Africa has long been known as the ‘cradle of mankind’, but up to now, the genetic information has been largely derived from modern population studies.
The findings, published today in Cell by an international research team led by Harvard Medical School, answer several longstanding mysteries and uncover surprising details about sub-Saharan African ancestry.
Ancient DNA was extracted from the remains of 16 individuals from 12 locations, ranging from Ethiopia, Kenya, Tanzania, Malawi and South Africa and dating to between 8,100 and 400 years before present.
All the remains were presumed to belong to the late Stone Age hunter gatherer/forager populations, that lived in the region before the spread of agricultural societies from the north and west.
Excavations in the Zanzibar archipelago (Tanzania), during 2012, undertaken by Professor Mark Horton of the University of Bristol’s Department of Anthropology and Archaeology, and a co-author of the paper, with colleagues from the Max Planck Institute for the Science of Human History, recovered remains of three individuals from two caves.
The first, Kuumbi Cave, has a sequence of occupation dating back 30,000 years. The individual, a female, was however only 1,400 years old. In the second, Makangale Cave, on Pemba island, two individuals were discovered, one contemporary with the Kuumbi sample and a second only 600 years old.
Professor Horton said: “These DNA results are important in understanding how the East African islands were populated in prehistory and whether these hunter-gathers had access to maritime technology.”
Pemba has been an island since the Miocene, so this population reached the island by boat, while Zanzibar has been an island for at least 8,000 years, and while the population could have been a survival from this earlier period, this seems unlikely. Both islands lie around 30 miles off the mainland of Africa.
Although ancient-DNA research has revealed insights into the population histories of many areas of the world, delving into the deep ancestry of African groups was not possible until recently because genetic material degrades too rapidly in warm, humid climates.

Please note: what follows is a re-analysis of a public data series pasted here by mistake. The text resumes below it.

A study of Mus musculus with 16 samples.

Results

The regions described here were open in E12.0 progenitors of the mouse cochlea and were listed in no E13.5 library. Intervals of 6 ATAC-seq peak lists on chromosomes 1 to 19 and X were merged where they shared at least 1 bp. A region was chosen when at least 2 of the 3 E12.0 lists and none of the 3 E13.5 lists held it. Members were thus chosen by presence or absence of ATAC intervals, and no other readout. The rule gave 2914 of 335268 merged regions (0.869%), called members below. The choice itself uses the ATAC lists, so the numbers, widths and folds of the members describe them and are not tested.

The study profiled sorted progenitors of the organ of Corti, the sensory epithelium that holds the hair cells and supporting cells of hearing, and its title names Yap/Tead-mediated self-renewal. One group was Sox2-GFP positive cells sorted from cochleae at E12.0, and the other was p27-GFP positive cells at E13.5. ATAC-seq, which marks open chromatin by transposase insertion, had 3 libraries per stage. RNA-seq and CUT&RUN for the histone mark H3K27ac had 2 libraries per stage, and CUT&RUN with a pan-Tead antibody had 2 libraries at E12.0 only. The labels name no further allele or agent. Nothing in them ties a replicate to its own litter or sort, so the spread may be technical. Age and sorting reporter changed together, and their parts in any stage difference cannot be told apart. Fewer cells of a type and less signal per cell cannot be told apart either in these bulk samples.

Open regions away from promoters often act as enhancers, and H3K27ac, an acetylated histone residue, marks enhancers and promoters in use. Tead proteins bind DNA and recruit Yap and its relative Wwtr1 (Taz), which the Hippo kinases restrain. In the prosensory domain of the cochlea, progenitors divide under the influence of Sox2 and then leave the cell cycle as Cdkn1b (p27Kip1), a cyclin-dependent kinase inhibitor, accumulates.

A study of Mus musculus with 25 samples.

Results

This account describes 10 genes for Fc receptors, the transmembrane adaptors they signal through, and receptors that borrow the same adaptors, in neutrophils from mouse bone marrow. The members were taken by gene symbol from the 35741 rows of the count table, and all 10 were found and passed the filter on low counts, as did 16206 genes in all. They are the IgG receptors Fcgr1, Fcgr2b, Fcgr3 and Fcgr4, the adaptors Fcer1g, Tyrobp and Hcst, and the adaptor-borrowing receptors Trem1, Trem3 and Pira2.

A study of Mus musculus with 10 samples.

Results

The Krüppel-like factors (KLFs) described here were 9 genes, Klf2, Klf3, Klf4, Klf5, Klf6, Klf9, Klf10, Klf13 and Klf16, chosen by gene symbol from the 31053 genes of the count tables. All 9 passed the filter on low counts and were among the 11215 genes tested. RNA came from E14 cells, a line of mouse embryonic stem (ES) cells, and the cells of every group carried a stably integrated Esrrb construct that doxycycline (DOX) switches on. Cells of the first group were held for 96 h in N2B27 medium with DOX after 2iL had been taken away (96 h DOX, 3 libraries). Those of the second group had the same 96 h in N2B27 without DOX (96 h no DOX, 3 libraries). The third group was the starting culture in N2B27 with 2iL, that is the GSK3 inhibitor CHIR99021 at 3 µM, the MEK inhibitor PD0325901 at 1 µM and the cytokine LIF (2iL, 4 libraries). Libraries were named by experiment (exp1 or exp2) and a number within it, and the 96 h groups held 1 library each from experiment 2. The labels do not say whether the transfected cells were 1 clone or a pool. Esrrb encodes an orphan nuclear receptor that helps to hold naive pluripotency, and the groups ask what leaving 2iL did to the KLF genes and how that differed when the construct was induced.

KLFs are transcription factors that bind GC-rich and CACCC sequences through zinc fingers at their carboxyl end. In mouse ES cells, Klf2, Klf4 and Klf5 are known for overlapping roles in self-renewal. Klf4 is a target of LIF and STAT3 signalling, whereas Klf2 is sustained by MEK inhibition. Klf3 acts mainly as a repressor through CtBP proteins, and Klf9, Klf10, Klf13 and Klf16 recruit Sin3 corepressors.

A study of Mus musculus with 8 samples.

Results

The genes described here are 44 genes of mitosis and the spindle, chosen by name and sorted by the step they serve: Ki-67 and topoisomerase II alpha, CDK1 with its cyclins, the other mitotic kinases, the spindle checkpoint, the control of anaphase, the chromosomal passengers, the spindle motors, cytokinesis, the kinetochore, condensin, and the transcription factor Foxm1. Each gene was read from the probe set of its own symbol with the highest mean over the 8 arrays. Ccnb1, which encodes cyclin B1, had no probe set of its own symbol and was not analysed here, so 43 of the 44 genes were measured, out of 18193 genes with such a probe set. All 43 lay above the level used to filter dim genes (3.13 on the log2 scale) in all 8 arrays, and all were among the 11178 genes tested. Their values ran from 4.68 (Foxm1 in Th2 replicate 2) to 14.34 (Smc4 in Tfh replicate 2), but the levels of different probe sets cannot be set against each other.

This new analysis was led by Dr David Reich of Harvard Medical School, in collaboration with Ron Pinhasi of University College Dublin and the University of Vienna and Johannes Krause of the Max Planck Institute for the Science of Human History and the University of Tübingen in Germany. Technological advances—including the discovery by Pinhasi and colleagues that DNA persists longer in small, dense ear bones—are now beginning to be explored.
The researchers compared these ancient genomes—along with the only other known ancient genome from the region,previouslypublished in 2015—against those of nearly 600 present-day people from 59 African populations and 300 people from 142 non-African groups.
Dr Reich said: “The last few thousand years were an incredibly rich and formative period that is key to understanding how populations in Africa got to where they are today. Ancestry during this time period is such an unexplored landscape that everything we learned was new.”
Among the ground breaking discoveries included evidence for widespread hunter-gatherer population that spanned from the southern tip of Africa all the way to the equator about 1,400 years ago that have contributed very little to the modern populations, in the region.
That mysterious group shared ancestry with today’s Khoe-San people in southern Africa and left DNA traces in the Late Stone Age populations of Zanzibar and Pemba.
When agriculture spread in Europe and East Asia, farmers and animal herders expanded into new areas and mixed with the hunter-gatherers who lived there. Present-day populations thus inherited DNA from both groups.
The new study has found evidence for similar movement and mixing in other parts of Africa, but after farmers reached Malawi and Pemba island, hunter-gatherers seem to have disappeared without contributing any detectable ancestry to the people who live there today.
Dr Reich added: “It looks like there was a complete population replacement. We haven’t seen clear evidence for an event like this anywhere else.”
Finally, the study took a first step in using ancient DNA to understand genetic adaptation in African populations.
It required ‘squeezing water out of a stone’ because they were working with so few ancient samples, said Reich, but Pontus Skoglund, a postdoctoral researcher in the Reich lab and the study’s first author was able to identify two regions of the genome that appear to have undergone natural selection in southern Africans.
One adaptation increased protection from ultraviolet radiation, which the researchers propose could be related to life in the Kalahari Desert. The other variant was located on genes related to the taste buds, which the researchers point out can help people detect poisons in plants.
The researchers hope the study encourages more researchers to investigate the diverse genetic landscape of human populations in Africa, both past and present. Reich also said he hopes the work reminds people that African history didn’t end 50,000 years ago when groups of humans began migrating into the Near East and beyond.
Dr Reich added: “The late Stone Age in Africa is like a black hole, research-wise. Ancient DNA can address that gap.”